When we look at overall developmental patterns for little ones, it is so important to ensure that parents have a realistic expectation of what their child should be working on at each stage. It is so easy to get caught in the trap of comparing our children to others – you know how it goes. “My son walked at 9 months!” “My baby was crawling at 4 months” “My baby rolled at 6 weeks”, etc. Remember: typical ranges for attaining milestones are RANGES for a reason…there is A LOT of variability in children’s development. Some kids will walk at 9 months. Some will walk at 17 months. Both are just fine.
Children will meet their developmental milestones in their own timeline – some milestones may be reached more quickly than others. As parents and caregivers, we often focus on the physical, especially gross motor milestones of rolling over, sitting, crawling, standing, and walking but there is SO MUCH MORE going on developmentally!
It is critical that as our children develop, we provide them with learning opportunities and activities that are developmentally appropriate – trying to rush or train our child to move through to the next stage too early may actually be detrimental to their development.
Our children’s physical, cognitive, communication, and emotional development builds on previously mastered skills. For example, before they can sit independently, children need to develop their cervical spinal (neck) curve through tummy time and have a thoracic spine (midback) that is capable of supporting their truck in an upright position. Before speaking, children need to understand what’s spoken to them.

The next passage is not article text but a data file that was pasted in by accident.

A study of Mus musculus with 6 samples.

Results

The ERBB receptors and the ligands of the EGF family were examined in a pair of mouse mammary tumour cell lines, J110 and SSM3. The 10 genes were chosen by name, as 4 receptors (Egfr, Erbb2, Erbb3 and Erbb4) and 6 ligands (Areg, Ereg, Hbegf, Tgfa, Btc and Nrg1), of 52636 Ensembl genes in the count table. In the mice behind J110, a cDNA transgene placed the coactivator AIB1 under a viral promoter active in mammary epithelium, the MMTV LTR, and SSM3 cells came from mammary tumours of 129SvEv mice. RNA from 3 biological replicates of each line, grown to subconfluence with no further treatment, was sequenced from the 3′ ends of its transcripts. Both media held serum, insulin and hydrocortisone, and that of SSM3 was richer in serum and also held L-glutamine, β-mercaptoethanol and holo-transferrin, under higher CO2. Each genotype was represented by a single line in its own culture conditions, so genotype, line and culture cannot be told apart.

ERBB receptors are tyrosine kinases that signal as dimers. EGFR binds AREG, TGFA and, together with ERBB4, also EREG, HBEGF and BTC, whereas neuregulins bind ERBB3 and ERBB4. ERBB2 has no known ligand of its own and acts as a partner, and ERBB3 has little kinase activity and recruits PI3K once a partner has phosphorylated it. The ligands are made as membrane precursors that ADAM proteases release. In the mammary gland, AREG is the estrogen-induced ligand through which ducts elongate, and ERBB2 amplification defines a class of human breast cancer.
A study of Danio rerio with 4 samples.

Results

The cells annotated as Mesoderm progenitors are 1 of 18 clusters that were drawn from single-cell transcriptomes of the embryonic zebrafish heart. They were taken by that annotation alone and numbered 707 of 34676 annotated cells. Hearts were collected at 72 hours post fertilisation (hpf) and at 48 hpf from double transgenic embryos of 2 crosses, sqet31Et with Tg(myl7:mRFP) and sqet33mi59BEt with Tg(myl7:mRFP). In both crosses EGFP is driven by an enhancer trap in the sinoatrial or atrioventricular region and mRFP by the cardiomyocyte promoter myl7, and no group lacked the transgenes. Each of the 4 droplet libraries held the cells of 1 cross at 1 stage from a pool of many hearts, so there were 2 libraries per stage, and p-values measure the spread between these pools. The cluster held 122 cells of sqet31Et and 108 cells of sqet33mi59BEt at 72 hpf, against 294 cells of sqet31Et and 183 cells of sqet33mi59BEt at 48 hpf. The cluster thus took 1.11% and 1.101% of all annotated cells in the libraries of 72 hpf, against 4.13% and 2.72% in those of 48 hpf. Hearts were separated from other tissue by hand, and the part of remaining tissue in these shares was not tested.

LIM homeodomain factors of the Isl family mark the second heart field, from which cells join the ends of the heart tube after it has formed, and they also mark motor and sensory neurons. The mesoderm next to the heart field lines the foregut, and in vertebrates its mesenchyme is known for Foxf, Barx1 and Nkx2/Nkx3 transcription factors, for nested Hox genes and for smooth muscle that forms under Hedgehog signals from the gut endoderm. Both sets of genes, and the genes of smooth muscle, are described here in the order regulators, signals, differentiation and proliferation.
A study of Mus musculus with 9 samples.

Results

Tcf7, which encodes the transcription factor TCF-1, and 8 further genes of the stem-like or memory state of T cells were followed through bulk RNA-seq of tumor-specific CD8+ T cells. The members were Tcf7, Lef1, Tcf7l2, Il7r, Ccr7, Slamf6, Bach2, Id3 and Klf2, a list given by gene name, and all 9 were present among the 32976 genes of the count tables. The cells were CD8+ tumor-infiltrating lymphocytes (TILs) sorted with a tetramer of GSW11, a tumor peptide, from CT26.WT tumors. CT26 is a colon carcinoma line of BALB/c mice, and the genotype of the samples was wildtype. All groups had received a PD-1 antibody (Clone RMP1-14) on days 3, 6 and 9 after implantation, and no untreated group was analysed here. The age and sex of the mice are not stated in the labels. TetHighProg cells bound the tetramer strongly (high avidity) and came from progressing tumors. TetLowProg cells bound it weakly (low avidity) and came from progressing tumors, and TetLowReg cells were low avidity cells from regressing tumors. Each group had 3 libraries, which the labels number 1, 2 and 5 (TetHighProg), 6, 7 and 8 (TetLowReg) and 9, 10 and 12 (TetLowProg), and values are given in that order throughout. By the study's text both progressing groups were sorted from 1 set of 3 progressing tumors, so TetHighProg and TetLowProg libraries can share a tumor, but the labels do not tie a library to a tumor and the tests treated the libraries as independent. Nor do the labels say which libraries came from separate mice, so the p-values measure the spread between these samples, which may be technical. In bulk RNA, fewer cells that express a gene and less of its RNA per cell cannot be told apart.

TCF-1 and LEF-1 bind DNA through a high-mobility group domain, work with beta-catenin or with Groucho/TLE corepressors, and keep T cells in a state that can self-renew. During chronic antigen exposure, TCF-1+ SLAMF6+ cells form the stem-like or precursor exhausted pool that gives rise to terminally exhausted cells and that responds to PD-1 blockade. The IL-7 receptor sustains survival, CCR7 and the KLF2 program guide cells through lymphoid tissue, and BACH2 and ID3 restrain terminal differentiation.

The same principle applies to cognitive development, communication skills, social emotional functioning, adaptive behaviour (life skills), and physical development.
So…how can we best support our children in their development?
Physical development is best fostered by giving children ample opportunities to be on the floor (safely!) to learn how their body works against gravity, the floor, or other surfaces in pull, push, and reach movements. Extended time spent in “baby containers” that do not allow free movement may be detrimental to development. A good rule of thumb is that if a child can attain a position independently, their body is ready for it and using a container such as a Bumbo seat or Exersaucer is just fine. If your kiddo can’t sit up or slumps forward in a “container”, they aren’t ready for it yet.
Like physical development, cognitive, communicative,social emotional, and adaptive behaviour development all need opportunities and experiences to support learning and development.
How about toys – which are best for development?
The more a toy does for your child, the less it facilitates development. The more your child has to manipulate a toy, or the more ways your child can use a toy, the better it is for development.
As an Occupational Therapist in Toronto, some of my top recommendations are:
- Shape sorting containers
- Stacking toys
- Busy or Quiet-time books
- Bead rollercoasters
- Colouring books, crayons, drawing pads, paints
Top Occupational Therapist-recommended play activities include:
- Playing outside
- Messy play
- Arts and crafts
- Swinging, safe climbing, slides
- Rolling down hills
- READING with a caregiver
Have more questions?
Unsure if your child is meeting milestones? Reach out to our Occupational Therapist who can complete an assessment and provide individualized strategies for your child and family – we’re here to help!